What is it?
Disney's new drawing and animation app, which wants to help children and adults alike create their own pixel-art masterpieces featuring the company's characters.
A Buddy Draw mode lets two people draw at once on the same canvas, connecting wirelessly using Bluetooth or Wi-Fi.
iPhone / iPad - Free
Disney has released dozens of apps in recent years, from storybooks based on its classic films through to games with brand new characters like Where's My Water. Now it's trying something different again: drawing and animation.
Pixel'd appeared on the App Store with little fanfare, but it's perhaps the most intriguing app that the company has ever released.
"Pixel art, 8-bit, sprites...whatever you call it, create it with Disney Pixel'd," explains its App Store listing. That's an app for drawing in pixels, turning them into 20-frame animations, and sharing them with friends via various social networks.
Something super-simple for kids to play with? Not quite: Pixel'd is actually a pretty powerful tool with a light dusting of Photoshop-esque features, including three drawing layers on its canvas, which you can pinch-zoom in and out of at will.
Besides drawing whatever you like, you can paste in pattern-fills and characters from Disney's catalogue. The initial download includes Mickey and a few friends (Minnie, Donald Duck, Goofy etc), as well as some stars from Cars, a smattering of Disney Princesses, some 'Vintage Mickey' black and white stamps, and characters from Bolt.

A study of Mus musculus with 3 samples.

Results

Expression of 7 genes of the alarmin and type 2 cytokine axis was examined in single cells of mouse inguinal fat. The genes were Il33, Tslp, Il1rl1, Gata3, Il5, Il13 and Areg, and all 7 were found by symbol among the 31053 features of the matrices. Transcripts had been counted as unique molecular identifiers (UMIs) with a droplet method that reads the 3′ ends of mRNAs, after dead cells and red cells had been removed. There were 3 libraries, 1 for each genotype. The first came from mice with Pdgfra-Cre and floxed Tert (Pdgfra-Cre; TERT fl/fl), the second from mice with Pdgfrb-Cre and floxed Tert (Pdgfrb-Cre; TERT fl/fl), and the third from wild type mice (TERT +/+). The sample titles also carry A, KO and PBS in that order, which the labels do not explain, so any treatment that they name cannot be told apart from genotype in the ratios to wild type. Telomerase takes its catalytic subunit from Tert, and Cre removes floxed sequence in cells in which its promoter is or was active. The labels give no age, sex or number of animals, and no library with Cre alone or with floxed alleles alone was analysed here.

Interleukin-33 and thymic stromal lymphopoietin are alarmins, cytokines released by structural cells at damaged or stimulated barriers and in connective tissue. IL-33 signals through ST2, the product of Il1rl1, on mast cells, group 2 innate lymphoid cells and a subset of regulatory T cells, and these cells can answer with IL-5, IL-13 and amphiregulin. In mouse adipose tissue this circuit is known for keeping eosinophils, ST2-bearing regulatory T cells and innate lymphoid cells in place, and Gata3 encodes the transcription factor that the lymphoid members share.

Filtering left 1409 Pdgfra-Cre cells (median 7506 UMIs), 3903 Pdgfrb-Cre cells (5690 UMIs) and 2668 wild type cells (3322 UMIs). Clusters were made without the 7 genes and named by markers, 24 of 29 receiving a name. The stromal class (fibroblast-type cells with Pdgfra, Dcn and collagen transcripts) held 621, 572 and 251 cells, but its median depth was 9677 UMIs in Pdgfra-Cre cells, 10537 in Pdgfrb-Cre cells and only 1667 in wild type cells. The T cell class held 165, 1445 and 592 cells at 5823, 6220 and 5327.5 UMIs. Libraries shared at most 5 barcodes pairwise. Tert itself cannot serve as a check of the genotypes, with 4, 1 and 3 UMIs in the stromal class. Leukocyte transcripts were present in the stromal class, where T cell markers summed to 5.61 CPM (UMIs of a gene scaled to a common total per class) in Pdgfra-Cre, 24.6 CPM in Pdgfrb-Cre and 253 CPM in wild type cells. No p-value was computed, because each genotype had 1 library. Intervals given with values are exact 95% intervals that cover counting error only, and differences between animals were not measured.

Each category can be boosted by buying expansion packs: 69p each or £1.99 for all five. There's a decent amount of stuff to play with in the free download, rather than the app trying to make you pay straight away - a good thing.
The app's interface is well-designed, with tapping and dragging moving you neatly between options and animation steps. also impressive is the Buddy Draw feature to draw with a friend, connecting via Bluetooth or Wi-Fi.
Pixel'd also uses iCloud to keep your artworks synchronised across your iOS devices, while its sharing features include YouTube, Facebook, Twitter and Tumblr, as well as email, and the ability to export animations as MP4 or animated GIF files.
Pixel'd is innovative, then. It's also pretty brave on Disney's part, given the ability to draw whatever you like - rather than be restricted to moving character stamps around on digital backgrounds.
Why brave? It's ripe for subversion. If you want to slap a grinning Mickey Mouse face onto a background of swastikas, or make a Disney Princess do something unladylike, then share it on Twitter or YouTube, you can. It will be interesting to see what approach Disney takes towards this sort of content, if and when it appears.
Still, Pixel'd is good fun. It's a little too complicated for young children to use - a stickerbook-style app with much simpler controls would be more suitable for that age group.
In fact, I'm not entirely sure who it's for: graphic designers who love Disney? Pixel'd will need to find an audience, but if it does, the results should be creative and interesting.